There are two types of movie fans: Those who have been freaked out by the 1983 cult classic "Videodrome," and those who have never heard of it.
The movie, starring James Woods and Debbie Harry, is about a cable TV executive who becomes addicted to a secret "pirate" video channel that broadcasts a late-night torture porn show called "Videodrome." The show ends up taking control of his life, through a series of hallucinations.
The movie was made by director David Cronenberg, who has spent a lifetime investigating the creepy interface between sex and technology. He later became famous for "The Fly,""Dead Ringers,""Crash" and "eXistenZ."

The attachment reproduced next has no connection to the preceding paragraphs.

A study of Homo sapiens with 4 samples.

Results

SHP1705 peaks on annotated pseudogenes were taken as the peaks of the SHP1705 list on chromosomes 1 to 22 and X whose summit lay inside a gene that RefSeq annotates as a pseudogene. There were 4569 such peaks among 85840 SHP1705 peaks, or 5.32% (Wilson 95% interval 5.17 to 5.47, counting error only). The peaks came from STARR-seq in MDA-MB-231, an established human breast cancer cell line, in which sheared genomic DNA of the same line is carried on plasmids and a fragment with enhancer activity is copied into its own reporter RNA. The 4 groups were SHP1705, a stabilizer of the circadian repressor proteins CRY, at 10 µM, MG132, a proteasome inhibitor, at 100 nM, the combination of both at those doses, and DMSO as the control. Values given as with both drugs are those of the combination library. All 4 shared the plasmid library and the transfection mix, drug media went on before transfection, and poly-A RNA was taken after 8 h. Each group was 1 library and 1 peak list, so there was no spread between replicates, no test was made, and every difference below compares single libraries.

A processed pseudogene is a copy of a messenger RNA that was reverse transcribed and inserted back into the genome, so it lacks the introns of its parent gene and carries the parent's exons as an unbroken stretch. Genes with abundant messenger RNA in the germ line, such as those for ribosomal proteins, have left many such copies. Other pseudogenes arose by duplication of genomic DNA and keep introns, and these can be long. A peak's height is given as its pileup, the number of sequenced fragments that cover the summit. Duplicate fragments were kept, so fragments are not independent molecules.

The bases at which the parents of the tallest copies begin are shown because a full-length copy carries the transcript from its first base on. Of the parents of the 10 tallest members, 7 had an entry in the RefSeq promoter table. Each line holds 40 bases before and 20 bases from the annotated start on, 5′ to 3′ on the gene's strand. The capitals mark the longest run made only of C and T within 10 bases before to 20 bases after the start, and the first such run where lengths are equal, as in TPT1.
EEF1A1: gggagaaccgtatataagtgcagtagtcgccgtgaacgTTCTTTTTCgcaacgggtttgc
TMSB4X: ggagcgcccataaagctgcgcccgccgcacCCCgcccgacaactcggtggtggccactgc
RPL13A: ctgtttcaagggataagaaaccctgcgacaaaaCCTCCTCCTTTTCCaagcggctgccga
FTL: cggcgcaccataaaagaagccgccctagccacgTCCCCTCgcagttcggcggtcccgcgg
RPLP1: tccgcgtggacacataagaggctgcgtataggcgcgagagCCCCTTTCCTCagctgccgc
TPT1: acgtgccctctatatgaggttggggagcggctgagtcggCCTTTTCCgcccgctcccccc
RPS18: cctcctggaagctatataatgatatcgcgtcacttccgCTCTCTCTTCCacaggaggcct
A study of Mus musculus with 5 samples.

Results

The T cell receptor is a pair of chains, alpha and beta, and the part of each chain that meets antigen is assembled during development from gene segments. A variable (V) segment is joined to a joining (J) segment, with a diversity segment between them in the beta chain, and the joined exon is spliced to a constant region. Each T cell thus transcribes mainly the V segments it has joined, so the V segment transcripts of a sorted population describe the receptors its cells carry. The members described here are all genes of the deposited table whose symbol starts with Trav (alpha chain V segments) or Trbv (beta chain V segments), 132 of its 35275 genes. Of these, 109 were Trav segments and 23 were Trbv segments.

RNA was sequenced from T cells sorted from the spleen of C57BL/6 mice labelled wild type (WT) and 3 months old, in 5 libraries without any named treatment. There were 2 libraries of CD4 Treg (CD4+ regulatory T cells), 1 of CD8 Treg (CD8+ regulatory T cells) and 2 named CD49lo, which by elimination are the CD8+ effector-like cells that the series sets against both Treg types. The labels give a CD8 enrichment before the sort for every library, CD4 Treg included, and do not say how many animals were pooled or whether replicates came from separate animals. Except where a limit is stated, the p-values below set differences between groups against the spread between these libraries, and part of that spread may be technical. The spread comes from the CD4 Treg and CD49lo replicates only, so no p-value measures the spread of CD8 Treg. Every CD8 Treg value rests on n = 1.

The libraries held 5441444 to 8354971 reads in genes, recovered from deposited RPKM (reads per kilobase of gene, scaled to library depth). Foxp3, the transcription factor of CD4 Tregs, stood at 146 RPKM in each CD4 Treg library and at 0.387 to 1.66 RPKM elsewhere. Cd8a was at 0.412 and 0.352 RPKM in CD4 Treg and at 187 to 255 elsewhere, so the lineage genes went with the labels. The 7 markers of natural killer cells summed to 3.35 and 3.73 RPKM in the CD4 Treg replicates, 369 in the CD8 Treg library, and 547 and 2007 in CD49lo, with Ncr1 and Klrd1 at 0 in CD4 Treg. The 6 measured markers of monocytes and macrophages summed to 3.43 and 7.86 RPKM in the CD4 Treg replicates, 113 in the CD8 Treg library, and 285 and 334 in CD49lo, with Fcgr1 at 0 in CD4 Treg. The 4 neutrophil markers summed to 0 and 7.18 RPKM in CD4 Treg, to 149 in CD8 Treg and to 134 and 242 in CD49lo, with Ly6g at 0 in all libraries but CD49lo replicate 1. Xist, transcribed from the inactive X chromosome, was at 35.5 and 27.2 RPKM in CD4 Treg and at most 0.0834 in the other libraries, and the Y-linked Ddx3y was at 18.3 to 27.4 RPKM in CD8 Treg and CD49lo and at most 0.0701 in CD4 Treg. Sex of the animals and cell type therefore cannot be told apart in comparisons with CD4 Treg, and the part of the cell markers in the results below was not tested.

What's interesting about "Videodrome," however, is the way it explores the idea that the virtual world is more interesting than the real world, especially as it relates to sex.
Bear in mind that Cronenberg shot this idea more than a decade before the internet existed as a household device.
It's creepy how prescient the movie is about modern life ...
The original shock of 'Videodrome' in 1983 was the idea that people would actually want to watch someone being tortured. In 2004, the 'Saw' franchise was born and torture-porn is now old hat.
In 'Videodrome,' James Woods' character, Max Renn, becomes addicted to watching the show. The idea was ridiculous at the time. But today the idea of being 'addicted' to the internet is widely accepted.
When 'Videodrome' portrayed the kinky sex life of Nikkie Brand (Debbie Harry) in 1983, it was shocking. Today, BDSM is a pop culture staple.